Some people get hung up on the term VA or Virtual Assistant and I responded to a query awhile back, inadvertently upsetting the person who asked the question. That wasn’t my intention at all.
She’d asked about using the term ‘Virtual Assistant’ and if that made clients disrespect us. I didn’t think so and my answer was taken in the wrong way. Sometimes, how we write can be misinterpreted for the way it was intended.
But perhaps I should add some context to this. The original VA is a lady named Anastacia Brice. She was working for a business coach in the USA back in the 90s and as she was travelling around the country in an RV while doing his work he named her his ‘Virtual Assistant’. The term very much means assisting someone on a virtual basis and can be used for almost any type of service these days, but originally it related to those who provided secretarial and administrative support. Which is how I began in 1994. I didn’t like the term when I first heard it a year or two later but gradually learned to accept it and feel it’s a great way to describe how I (and all of us) support clients.
The important thing is for those who are choosing to work in this way to understand that you are a service provider, not a sub ordinate or an employee. You need to develop a business mindset and be the one in control of the rates you decide to set (negotiation is fine but it shouldn’t be the client who sets your rate for you) and also be the one to show the client (not the employer) how you can help them.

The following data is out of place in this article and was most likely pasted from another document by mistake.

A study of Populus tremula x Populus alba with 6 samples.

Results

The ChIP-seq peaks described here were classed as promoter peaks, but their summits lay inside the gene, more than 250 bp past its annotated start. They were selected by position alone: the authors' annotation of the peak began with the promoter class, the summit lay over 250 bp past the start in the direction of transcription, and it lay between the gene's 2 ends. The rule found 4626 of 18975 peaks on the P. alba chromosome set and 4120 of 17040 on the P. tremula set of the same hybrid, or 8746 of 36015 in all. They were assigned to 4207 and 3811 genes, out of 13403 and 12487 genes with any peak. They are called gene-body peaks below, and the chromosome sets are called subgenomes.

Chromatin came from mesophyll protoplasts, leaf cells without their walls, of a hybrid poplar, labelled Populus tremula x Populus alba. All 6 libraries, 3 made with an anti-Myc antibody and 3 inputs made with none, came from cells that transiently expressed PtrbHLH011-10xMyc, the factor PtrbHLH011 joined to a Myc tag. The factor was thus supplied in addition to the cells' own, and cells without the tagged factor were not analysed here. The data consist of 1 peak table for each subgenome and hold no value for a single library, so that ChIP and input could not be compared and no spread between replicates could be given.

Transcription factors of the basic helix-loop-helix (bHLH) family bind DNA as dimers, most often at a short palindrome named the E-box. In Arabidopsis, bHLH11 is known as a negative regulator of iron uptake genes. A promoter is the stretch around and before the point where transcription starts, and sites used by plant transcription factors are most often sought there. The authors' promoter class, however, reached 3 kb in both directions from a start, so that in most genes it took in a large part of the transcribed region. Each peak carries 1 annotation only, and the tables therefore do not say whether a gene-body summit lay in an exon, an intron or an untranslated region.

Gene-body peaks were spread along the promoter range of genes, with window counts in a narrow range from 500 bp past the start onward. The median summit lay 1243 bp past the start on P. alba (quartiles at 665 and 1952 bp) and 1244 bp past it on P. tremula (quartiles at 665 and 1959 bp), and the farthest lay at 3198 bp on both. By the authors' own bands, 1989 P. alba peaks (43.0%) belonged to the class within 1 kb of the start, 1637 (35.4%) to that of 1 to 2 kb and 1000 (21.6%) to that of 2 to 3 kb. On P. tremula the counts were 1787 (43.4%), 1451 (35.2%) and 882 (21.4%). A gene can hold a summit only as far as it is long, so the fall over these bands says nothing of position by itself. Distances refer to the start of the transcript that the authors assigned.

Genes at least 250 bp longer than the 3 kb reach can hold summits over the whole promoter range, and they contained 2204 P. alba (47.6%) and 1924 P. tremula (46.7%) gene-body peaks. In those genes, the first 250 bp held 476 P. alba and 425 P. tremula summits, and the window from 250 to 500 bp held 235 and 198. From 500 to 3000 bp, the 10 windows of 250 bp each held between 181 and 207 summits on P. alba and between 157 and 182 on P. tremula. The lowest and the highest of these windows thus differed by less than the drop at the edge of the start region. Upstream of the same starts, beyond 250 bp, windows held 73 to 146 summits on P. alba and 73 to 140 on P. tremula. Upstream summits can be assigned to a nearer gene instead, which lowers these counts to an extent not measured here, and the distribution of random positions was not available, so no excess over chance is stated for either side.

When you’re new to this, and especially if you’ve come straight from a job (or still in one) it’s so easy to mistakenly treat a client like an employer, but so important you work hard not to do this. They come to you for support, advice and direction and, while you need to learn about their business and how it works, that doesn’t mean you need to learn from them how you should be providing a service. Hopefully no-one comes into our industry with no experience at all – you should all have a good amount of working experience behind you (I always say minimum 5 years but some feel different about this).
So whether or not you call yourself a VA is entirely up to you, however it does mean you’re a part of the VA Industry because of the way you are providing your services – something that is needed by so many business owners these days. Feel free to Google about Anastacia, you’ll find a write up in Wikipedia about her and Thomas. And enjoy what you’re doing or plan to do. This is a great industry with fantastic communities, and I am so grateful for this way of working which allows me to be home full time and be present for my family.
Kathie is the owner of VA Directory and is former past President of the Australian VA Association. She founded the Virtual Assistant industry in Australia in the mid 90s, having already been operating a home-based secretarial service. Today the VA industry covers a multitude of office-based services for clients worldwide.